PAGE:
Data and Time October 14 , 2010, 4:30-5:45 PM
Location Galbraith Building, Room 248
Host Leon Yuan

High-Speed Data Transmission Using Substrate Integrated Waveguide-Type Interconnects

Asanee Suntives

The Edward S. Rogers Sr. Department of Electrical and Computer Engineering (Electromagnetics)


lectronic circuits have evolved into multifunctional and highly integrated systems. Moreover, the demands for high-speed data transfer are ever increasing that often require multi-gigahertz clock frequencies and ultra-high-speed and wideband data transmission between chips. However, fundamental interconnect limitations prevent from full accomplishment of
multi-gigabit per second data rates. Most importantly, increased conductor and dielectric losses at high frequencies can significantly reduce the channel bandwidth. In addition, crosstalk and electromagnetic interference further deteriorate the system performance, especially in compact routing networks. Therefore, alternative interconnects that enable ultra-high-speed/high-frequency signaling while maintaining good signal quality are needed. This work proposes a new method of high-speed data transfer by utilizing waveguide-type interconnects, which offer efficient and confined data transmission due to their low loss and excellent isolation properties. Excellent transmission quality is demonstrated experimentally up to a data rate of 5 Gb/s. Furthermore, to compensate for the relatively larger footprint occupied by the waveguide compared to conventional printed lines, a substrate reuse approach is proposed by inserting additional lowpass channels inside the waveguide. This hybrid technique proves to increase the aggregate transmission capacity (to 15 Gb/s) by simultaneously utilizing the lowpass and bandpass channels. Finally, an alternative parallel data transmission system is introduced by harnessing multimode transmission through the same waveguide channel and using orthogonal modes. A number of transition structures and mode launchers to excite and retrieve TE10 and TE20 modes are presented. Experimental characterizations demonstrate excellent transmission quality through the dual-channel system for a data rate of 1 Gb/s/channel.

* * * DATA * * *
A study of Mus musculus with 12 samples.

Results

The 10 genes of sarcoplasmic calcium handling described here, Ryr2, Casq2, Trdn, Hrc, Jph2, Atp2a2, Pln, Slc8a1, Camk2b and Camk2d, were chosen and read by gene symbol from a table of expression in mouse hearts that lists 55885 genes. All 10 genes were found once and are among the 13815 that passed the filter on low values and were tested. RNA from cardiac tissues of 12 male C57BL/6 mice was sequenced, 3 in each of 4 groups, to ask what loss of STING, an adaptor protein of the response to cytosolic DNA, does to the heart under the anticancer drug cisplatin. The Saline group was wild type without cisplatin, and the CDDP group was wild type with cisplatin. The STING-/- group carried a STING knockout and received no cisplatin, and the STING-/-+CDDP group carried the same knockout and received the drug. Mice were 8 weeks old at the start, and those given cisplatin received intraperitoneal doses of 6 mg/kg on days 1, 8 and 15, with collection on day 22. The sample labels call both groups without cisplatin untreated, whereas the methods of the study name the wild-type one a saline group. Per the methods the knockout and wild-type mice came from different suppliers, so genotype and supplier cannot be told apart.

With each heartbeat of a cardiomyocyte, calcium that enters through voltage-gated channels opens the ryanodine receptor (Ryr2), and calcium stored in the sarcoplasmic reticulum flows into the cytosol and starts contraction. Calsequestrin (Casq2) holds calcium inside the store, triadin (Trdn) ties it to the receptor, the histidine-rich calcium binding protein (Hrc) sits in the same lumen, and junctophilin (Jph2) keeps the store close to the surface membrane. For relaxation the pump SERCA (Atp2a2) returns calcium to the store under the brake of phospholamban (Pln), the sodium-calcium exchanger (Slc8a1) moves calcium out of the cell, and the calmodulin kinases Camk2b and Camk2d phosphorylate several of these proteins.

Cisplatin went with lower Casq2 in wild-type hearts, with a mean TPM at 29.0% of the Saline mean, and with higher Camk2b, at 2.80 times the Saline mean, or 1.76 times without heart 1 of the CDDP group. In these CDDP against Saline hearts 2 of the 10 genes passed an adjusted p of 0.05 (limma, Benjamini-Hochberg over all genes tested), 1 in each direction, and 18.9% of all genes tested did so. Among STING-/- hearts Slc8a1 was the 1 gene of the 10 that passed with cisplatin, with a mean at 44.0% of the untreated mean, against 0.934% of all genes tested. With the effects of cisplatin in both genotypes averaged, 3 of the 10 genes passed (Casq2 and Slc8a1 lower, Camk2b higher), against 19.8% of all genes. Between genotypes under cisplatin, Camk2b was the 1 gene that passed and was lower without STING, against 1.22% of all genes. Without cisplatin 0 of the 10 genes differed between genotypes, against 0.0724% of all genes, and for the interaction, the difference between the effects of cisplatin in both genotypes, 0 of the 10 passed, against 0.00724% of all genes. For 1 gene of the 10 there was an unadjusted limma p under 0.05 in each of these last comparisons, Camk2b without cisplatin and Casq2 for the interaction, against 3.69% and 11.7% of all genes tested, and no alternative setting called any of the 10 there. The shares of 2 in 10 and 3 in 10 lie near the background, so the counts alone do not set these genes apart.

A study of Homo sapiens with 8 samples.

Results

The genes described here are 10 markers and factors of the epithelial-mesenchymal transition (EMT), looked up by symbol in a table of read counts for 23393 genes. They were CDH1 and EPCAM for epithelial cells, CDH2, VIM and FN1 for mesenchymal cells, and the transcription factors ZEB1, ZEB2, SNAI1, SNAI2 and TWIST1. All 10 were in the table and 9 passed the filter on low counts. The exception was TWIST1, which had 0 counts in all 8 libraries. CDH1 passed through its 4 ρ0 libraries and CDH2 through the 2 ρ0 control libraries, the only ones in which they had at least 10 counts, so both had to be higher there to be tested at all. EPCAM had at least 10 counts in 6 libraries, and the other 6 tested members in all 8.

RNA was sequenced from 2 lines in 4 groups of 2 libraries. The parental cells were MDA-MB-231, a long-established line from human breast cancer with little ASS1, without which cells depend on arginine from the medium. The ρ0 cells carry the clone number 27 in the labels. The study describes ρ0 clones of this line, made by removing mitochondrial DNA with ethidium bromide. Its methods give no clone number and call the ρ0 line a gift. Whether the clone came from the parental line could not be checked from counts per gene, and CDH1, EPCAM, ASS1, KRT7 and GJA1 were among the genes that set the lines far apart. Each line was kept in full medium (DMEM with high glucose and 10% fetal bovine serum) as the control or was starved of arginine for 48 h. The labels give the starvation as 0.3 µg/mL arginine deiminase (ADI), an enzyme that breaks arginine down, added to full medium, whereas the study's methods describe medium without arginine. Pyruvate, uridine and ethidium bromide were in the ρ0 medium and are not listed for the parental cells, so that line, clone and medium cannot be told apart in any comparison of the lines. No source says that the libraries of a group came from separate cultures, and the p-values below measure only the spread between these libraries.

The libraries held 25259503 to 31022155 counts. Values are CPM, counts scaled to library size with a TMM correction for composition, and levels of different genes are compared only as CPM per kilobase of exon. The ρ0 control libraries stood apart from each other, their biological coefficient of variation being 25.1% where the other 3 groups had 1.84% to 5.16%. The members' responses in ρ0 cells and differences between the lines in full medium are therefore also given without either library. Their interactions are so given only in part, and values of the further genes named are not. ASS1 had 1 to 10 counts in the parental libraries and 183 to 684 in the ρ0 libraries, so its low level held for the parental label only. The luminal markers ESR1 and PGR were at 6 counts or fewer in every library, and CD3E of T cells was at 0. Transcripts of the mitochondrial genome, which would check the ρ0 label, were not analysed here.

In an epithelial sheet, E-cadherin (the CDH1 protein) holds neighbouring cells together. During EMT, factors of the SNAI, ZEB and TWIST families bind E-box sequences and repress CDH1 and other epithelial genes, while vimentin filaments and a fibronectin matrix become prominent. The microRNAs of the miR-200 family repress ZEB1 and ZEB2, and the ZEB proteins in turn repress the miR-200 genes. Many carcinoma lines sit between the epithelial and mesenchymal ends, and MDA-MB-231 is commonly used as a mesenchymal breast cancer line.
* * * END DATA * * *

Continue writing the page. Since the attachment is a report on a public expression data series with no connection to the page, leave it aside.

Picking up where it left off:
Asanee Suntives received his Ph.D. degree from McGill University in 2009. From 2001 to 2003, he was a manufacturing development engineer for lightwave component analyzers at Agilent Technologies. Currently, he is an NSERC postdoctoral fellow in Prof. Hum's group focusing on leaky-wave and reconfigurable antennas. He is also a reviewer for many journal publications such as IEEE transactions on Microwave Theory and Techniques, Electromagnetic Compatibility and Antennas and Propagation.